Preparing for your b-school interviews

February 09, 2015 | by Matt Symonds

With many schools now extending interview invitations, now is a great time to get ready for your upcoming interviews. One of the most useful interview tips that we can provide is to prepare well in advance! As former admissions directors at top MBA programs, we interviewed thousands of applicants and it was always pretty clear who had done their homework on our programs and who arrived unprepared. The MBA interview is your chance to convey key information about yourself to admissions as well as an opportunity for the school to get to know you and to assess your fit with their program. While the interview can be a source of anxiety, we’d like to share some tips to make the interview less daunting.

In our video, Top Tips to Prepare for your Interview, former Assistant Director of Career Services at Harvard Business School (HBS) Malvina Miller Complainville shares a few of her favorite tips. Her first tip is to prepare in advance by knowing your subject matter. You want to be very clear about why you need an MBA and specifically, why would an MBA from a particular school be the right match. Just researching a school online for the basics is not enough. You want to really spend time digging deep into specific pages of interest on the schools’ websites and watch school videos, read blogs, and get to know some of the professors in your areas of interest. Reaching out to students and alumni is also important and you will gain key insights that you can speak about with your interviewer.  During your interaction with your interviewers, it should be obvious that you are serious about their school and that you have taken the time to get to know their MBA programs.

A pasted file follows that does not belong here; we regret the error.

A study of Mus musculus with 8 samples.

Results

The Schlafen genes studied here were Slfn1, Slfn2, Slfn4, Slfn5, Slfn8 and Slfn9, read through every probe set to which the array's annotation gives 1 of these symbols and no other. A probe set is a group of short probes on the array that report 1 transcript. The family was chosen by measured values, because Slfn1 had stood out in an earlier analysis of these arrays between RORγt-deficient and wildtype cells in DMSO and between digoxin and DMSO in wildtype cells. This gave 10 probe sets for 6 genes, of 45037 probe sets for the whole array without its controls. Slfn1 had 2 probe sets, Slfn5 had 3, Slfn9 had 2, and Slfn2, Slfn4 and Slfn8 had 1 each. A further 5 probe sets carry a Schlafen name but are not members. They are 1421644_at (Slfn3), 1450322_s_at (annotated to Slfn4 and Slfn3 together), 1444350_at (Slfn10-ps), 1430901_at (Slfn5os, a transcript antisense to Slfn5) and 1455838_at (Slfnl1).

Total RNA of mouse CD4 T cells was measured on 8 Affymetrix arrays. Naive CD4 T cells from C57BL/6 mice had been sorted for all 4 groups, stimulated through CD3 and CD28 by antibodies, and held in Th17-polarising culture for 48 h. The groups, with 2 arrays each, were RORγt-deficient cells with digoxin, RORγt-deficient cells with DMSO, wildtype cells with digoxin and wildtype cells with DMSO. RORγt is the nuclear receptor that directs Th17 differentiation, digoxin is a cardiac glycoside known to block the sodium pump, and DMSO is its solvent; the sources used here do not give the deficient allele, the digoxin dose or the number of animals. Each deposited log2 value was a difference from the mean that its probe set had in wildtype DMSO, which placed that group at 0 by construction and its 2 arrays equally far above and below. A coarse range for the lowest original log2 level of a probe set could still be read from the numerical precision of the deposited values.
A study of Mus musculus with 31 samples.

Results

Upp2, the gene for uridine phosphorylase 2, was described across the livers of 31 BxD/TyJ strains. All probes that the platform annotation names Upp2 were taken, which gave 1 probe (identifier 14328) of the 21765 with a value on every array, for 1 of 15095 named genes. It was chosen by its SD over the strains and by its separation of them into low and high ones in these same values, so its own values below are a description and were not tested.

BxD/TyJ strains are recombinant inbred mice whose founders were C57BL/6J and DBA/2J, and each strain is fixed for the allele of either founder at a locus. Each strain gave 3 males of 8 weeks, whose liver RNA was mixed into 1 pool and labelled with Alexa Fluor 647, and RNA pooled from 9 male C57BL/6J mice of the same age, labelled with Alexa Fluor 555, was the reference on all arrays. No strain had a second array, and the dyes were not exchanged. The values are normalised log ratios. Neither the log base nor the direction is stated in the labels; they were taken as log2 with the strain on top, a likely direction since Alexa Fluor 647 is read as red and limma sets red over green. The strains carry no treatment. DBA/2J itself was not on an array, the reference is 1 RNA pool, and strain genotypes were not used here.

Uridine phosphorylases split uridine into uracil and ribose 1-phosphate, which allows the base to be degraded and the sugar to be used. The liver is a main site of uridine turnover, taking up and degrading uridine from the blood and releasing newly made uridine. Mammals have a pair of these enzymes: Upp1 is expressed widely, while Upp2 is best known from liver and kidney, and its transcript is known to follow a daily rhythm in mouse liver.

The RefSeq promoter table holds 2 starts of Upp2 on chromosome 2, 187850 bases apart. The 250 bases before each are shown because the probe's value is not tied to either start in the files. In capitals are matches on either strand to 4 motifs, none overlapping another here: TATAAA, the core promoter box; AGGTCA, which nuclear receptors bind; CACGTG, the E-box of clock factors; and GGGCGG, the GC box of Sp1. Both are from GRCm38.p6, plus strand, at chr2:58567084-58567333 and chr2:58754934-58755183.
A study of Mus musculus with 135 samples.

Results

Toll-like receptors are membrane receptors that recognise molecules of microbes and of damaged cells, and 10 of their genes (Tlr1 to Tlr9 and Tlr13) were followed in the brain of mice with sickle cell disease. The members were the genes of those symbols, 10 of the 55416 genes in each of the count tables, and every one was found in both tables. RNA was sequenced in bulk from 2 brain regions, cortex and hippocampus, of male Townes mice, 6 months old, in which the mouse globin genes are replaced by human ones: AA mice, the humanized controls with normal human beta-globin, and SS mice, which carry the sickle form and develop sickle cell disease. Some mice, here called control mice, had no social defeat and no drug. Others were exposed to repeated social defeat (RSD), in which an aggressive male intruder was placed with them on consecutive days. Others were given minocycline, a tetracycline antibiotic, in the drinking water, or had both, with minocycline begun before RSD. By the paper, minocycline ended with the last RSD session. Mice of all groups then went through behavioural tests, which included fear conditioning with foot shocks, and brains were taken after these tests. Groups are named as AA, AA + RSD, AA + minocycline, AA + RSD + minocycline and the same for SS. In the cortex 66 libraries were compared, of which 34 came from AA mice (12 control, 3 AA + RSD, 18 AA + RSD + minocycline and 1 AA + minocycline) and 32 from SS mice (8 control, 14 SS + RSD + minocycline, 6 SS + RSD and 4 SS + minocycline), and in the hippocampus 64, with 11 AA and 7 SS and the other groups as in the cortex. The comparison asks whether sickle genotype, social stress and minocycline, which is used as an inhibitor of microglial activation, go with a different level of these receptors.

Another tip is to convey key messages about yourself by thinking about five key pieces of information that you want to get across during the interview. As your interviewer asks you questions, you can find ways to communicate each of these points so that you don’t leave the interview feeling like you missed out on sharing something important. You should also practice how to deliver these key messages so that you are concise and get to the point without spending too much time on unnecessary details.

Malvina’s third point is to prepare for unexpected and difficult interview questions. Be honest about your weaknesses and be prepared to answer questions that might arise around these. For example, if your undergraduate GPA was on the lower end, think about how you would explain this without excuses. You want to also think about how you have been proactive in addressing any weaknesses and be ready to speak about these.

You should also be prepared to ask intelligent questions since most interviewers will allot time at the end to answer a few questions. Be smart about what you ask and don’t ask very basic questions that can be answered easily with information available online or in the program brochure. Asking a well-thought out question is another way to develop positive rapport with your interviewer and can convey your level of interest in the program.

Last, be sure to practice. This can help you hone your messages and will give you more confidence in responding to potential questions that will come up. Don’t forget about non-verbal cues like eye contact, body language, and posture as these can also influence the impression you make.

To hear more on Malvina’s interviewing tips, click here to watch her video.